Prevent Waste in Handling
- Ensure correct items are delivered.
- Ensure items received are of expected quality.
- Update quality standards to exempt aesthetics and procure “seconds” or “ugly” produce.
- Dedicate food waste bins to this area, track waste and conduct monthly audits to uncover and resolve challenges.
- Ensure all inventory best practices are followed including FIFO, labeling and temperature standards.
- Dedicate space to safely store foods for donation.
- Label prepared food with use-by date and other information for reuse or donation.
- Review food stores monthly and use or donate under-utilized foods.
- Dedicate food waste bins to specific storage areas and perform bin audits to identify opportunities for waste reduction.
- Check updated headcounts before trimming, prepping, or firing any food.
- Ensure recipe specifications are readily available and easy to read.
- Ensure prep tools are in good condition and are best suited for each task.
- Plan a second use for prepped ingredients in the event of overproduction.
- Fire some items a la minute and resist firing overage until necessary.
- Encourage prep chefs to share waste reduction strategies during staff meetings.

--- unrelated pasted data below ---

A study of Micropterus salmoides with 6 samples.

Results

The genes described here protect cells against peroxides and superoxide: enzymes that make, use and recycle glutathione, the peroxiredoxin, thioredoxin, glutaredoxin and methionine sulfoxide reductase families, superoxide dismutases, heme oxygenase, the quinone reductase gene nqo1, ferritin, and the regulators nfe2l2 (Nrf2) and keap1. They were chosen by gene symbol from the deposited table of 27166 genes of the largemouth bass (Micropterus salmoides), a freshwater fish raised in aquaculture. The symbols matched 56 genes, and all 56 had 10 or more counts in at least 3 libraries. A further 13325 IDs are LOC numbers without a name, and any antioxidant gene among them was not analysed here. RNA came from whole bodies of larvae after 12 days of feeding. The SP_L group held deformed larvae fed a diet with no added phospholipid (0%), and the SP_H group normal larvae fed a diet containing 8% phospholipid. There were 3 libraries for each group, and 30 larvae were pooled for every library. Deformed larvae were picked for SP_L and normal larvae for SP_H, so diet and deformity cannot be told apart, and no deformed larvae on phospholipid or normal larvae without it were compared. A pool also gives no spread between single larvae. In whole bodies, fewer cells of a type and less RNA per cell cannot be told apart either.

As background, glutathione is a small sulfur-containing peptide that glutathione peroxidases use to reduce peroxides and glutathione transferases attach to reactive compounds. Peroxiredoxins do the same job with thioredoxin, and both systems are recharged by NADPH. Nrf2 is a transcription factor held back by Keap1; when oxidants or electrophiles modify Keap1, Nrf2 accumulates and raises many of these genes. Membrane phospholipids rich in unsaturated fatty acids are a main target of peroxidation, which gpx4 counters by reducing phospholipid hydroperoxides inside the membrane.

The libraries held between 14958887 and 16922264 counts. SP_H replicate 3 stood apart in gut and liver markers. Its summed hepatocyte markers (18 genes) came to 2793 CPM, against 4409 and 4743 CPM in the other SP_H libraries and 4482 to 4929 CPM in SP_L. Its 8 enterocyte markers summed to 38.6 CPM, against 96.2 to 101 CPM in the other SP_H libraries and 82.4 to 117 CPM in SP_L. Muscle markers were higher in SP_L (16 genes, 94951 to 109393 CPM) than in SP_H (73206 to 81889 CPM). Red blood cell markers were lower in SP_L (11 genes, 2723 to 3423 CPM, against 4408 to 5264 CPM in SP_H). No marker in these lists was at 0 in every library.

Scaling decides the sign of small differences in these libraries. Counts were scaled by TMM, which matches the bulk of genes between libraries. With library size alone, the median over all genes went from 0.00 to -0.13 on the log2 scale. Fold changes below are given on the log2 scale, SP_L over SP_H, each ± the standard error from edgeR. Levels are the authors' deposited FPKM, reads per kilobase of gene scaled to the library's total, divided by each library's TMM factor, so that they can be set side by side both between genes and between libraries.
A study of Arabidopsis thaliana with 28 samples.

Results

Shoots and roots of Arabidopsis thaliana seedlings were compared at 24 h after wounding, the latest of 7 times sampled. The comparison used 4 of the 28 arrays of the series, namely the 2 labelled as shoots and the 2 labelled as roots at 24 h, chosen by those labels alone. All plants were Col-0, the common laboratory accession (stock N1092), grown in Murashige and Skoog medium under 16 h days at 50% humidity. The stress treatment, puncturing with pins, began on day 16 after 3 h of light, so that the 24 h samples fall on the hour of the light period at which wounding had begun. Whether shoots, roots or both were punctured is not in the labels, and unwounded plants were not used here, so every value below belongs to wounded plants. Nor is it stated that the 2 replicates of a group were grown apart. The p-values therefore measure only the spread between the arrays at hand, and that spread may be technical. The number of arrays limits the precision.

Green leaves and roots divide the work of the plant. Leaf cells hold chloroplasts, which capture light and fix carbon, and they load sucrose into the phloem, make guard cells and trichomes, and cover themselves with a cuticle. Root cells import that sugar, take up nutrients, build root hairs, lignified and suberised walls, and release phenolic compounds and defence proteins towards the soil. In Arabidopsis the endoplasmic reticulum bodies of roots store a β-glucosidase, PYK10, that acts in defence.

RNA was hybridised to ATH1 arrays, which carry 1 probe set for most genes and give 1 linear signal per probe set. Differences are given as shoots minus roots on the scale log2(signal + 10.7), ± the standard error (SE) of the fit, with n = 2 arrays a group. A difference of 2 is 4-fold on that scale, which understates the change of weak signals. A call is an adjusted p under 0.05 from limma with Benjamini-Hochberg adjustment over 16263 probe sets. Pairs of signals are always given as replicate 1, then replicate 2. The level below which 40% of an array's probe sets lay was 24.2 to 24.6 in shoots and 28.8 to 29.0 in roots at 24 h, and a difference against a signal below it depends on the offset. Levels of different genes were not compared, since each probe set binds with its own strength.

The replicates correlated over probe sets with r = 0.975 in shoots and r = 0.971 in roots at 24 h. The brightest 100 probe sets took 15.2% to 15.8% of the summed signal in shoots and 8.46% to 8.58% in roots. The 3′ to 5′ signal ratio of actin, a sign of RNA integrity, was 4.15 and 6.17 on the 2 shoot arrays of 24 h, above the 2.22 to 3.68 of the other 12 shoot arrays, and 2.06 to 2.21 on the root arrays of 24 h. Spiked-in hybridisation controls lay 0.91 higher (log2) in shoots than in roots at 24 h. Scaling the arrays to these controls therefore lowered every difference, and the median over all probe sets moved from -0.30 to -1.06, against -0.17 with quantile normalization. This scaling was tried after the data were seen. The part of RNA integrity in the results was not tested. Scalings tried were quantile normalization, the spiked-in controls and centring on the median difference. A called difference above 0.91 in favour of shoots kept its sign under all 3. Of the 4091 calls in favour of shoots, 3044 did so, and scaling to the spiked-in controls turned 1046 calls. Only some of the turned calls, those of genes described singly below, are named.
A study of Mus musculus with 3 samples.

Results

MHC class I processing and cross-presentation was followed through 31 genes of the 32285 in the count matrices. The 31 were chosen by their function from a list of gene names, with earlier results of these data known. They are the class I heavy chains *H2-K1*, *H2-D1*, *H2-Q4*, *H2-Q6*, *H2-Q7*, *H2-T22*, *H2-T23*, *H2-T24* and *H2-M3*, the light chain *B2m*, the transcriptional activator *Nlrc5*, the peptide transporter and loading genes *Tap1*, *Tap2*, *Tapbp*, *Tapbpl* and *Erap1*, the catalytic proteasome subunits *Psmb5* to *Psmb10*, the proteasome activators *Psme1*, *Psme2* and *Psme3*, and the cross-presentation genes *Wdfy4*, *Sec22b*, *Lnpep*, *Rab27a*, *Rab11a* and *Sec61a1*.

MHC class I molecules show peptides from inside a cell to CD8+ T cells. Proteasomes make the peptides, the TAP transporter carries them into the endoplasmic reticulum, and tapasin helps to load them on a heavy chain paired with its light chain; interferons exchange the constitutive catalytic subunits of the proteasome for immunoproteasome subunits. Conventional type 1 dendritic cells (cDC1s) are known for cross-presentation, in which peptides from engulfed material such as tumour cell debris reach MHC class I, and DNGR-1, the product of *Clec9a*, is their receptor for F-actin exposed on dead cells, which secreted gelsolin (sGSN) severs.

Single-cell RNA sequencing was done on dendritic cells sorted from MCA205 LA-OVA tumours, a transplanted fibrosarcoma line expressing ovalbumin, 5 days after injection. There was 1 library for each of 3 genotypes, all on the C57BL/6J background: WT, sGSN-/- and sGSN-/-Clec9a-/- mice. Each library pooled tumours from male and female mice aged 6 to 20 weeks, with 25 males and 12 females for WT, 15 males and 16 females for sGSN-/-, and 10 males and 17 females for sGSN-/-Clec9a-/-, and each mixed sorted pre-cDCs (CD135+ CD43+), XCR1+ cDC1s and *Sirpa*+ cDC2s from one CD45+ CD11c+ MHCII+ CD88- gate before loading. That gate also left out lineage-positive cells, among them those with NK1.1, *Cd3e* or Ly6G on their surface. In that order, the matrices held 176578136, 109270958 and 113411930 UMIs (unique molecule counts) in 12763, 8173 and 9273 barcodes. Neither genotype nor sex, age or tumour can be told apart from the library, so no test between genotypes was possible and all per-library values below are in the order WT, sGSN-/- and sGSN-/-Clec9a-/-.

- Dedicate food waste bins to each prep station to identify opportunities for reduction.
- If possible, set aside food scraps for animal feed donation partnerships.
- Use high yield equipment such as cook & hold technology.
Plating and Portions
- Check updated headcounts before plating food.
- Ensure measuring tools are available for accurate portioning.
- Consider alternate display or plating strategies to combat overconsumption on the buffet.
- Adjust portion sizes relative to historic consumption data or observations.
Reducing Waste with A La Minute Menu Items
Breakfast buffets can be a large source of wasted food, especially high value (monetarily, environmentally, and socially) items such as cold cuts, cheese, and salmon. Based on Chef and Servers observations of hot spots for food waste on their breakfast buffet, The Hyatt Regency Orlando worked with design firm IDEO to prototype an a la minute concept for serving cold cuts and cheeses. The kitchen prepped 18 cheese and charcuterie plates, kept 17 in temperature-controlled storage, and placed one on the buffet with a conscious consumption cue prompting guests to request a plate from a banquet server.
13 out of 18 prepped plates were ordered, keeping the rest of the plates food safe and ready to be used elsewhere or to be recovered for donation. This significantly reduced the amount of high value items the property needs to throw away and is having positive impact on food costs.